May 8

Written by: Mark Blum
5/8/2012 9:09 AM 

Health reform passed an important milestone in the State of Maryland, last week, when Governor Martin O'Malley signed state legislation into law that establishes Maryland as a national leader in transforming of the way healthcare will be delivered to residents of the state.  Among the provisions of Maryland's new 2012 health exchange law is authorization for the State's Health Insurance Exchange Board "to use effective methods such as team-based patient-centered medical care" to reduce costs and improve quality of health care provided through the State exchange. 
In Maryland and across the nation, America’s Agenda has advocated transformation from the predominant, fragmented, fee-for-service approach to delivering care that fuels rapid inflation in medical and health insurance costs to a patient-centered, team-based care delivery strategy that has demonstrated its effectiveness in improving care quality and reducing growth in overall healthcare costs.
It is an irony that, while the ACA-created state health insurance exchanges offer an unprecedented opportunity to advance patient-centered, team-based transformation of US health care, they also pose a troubling threat to the future of employment-based health care in America. Under the Obama Administration’s current interpretation of rules for implementing the ACA-mandated exchanges, lower-wage employees of businesses that do not provide adequate health benefits are eligible for federal health insurance subsides in the form of “premium tax credits,” while comparable employees of businesses that offer high-quality coverage are denied access to the subsidies. The unequal tax treatment creates a significant advantage for employers who do not provide coverage. It creates incentives for responsible employers to drop employee health coverage that some have described as “nearly irresistible.” 
This is not a special interest issue: more than 60% of Americans currently receive health benefits through employment-based insurance plans. A pillar of America's employment-based health system is at risk. It's a national problem, and it cries for a federal solution.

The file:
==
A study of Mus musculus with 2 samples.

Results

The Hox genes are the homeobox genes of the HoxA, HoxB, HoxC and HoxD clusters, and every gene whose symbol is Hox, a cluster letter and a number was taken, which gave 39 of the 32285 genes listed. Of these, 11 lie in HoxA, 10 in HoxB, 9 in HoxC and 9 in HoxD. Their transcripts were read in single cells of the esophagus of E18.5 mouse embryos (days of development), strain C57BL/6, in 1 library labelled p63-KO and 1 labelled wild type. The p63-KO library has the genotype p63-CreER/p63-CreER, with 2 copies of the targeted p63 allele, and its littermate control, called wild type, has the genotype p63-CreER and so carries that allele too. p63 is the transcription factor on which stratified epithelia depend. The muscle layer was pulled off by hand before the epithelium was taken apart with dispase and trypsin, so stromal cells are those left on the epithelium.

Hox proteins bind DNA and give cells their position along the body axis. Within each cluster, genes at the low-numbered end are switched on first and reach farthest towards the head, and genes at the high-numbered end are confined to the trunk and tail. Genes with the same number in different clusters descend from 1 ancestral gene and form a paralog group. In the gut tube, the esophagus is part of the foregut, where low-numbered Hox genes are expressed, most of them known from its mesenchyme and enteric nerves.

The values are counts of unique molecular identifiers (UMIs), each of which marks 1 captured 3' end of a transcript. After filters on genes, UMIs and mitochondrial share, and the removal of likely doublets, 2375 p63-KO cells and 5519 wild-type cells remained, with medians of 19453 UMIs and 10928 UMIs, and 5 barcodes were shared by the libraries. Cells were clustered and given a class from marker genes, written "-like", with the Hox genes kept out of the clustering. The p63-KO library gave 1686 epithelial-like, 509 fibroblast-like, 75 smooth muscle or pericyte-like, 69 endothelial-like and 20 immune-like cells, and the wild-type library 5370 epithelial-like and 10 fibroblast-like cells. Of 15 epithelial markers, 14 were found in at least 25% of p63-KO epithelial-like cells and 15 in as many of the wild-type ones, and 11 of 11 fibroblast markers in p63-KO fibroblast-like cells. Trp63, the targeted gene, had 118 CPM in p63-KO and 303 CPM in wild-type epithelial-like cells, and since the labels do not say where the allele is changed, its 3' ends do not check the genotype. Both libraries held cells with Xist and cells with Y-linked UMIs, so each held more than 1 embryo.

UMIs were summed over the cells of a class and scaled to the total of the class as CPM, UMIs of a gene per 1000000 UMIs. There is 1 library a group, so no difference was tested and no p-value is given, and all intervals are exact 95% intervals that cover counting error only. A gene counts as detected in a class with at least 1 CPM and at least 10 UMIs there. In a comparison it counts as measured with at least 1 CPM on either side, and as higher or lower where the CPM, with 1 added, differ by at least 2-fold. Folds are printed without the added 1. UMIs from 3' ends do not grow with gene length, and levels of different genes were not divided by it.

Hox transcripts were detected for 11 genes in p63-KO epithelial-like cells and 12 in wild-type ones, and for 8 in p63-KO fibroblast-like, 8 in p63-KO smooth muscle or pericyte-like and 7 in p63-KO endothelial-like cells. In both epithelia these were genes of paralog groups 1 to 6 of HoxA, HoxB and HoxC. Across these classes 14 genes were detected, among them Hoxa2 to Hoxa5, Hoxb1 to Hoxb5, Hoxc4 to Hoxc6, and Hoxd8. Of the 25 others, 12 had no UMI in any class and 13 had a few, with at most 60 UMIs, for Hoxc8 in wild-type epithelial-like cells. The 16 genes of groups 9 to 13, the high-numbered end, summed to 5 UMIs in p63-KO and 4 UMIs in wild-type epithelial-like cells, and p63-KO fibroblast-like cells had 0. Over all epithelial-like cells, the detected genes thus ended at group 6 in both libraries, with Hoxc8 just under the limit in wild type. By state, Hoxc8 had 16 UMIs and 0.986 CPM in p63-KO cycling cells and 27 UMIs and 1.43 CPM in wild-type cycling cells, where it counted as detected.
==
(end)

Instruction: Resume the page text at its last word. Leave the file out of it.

But in Maryland, we salute the leadership of Governor Martin O’Malley, Lt. Governor Brown, and the General Assembly.  They have seized the opportunity to design a State exchange that can drive transformation to team-based care delivery, improve health, and reduce growth in health costs for all Marylanders.
We also want to acknowledge the impressive representation for Maryland health care consumers that is being provided by the Maryland Health Care for All! Coalition and its President Vincent DeMarco.  Since our two organizations formed a strategic partnership for the State last year, Maryland Health Care for All! has raised transformation to team-based delivery of care to the top of its healthcare affordability agenda. The highlight Maryland's new law gives to patient-centered, team-based care in its roadmap for the State exchange is a tribute to the respect State leaders have for the voice of Maryland Health Care for All! We'd like to share, below, Vicent DeMarco’s statement on last week’s signing of Maryland’s exchange law.
Major challenges still lie ahead to secure design of a “smart” health insurance exchange for Maryland working families and businesses that employ them. But the signing of Maryland’s 2012 health exchange law is a good occasion to take stock of the progress we are making.
Doug Dority, President
Mark Blum, Executive Director
         On behalf of the over 1200 faith, community, labor, business and health care organizations in the Maryland Health Care For All! Coalition, we commend Governor Martin O’Malley and the Maryland General Assembly on today’s signing landmark legislation which will empower the Maryland Health Benefits Exchange Board to make health care more affordable for Marylanders. As proposed by the Governor and passed by the General Assembly, this legislation gives the Exchange Board the authority to use effective methods such as team based patient centered medical care, value based insurance design, and active purchasing which will reduce the cost and improve the quality of health care for Marylanders insured by the new Exchange. This legislation will also address cultural competency and health disparities so that every Marylander can get the health care they need. We look forward to working with the Governor, Lt. Governor Anthony Brown, and Health Secretary and Exchange Board Chair Josh Sharfstein to make sure that the Board uses these new powers effectively to keep Maryland at the forefront of fully implementing the federal Affordable Care Act.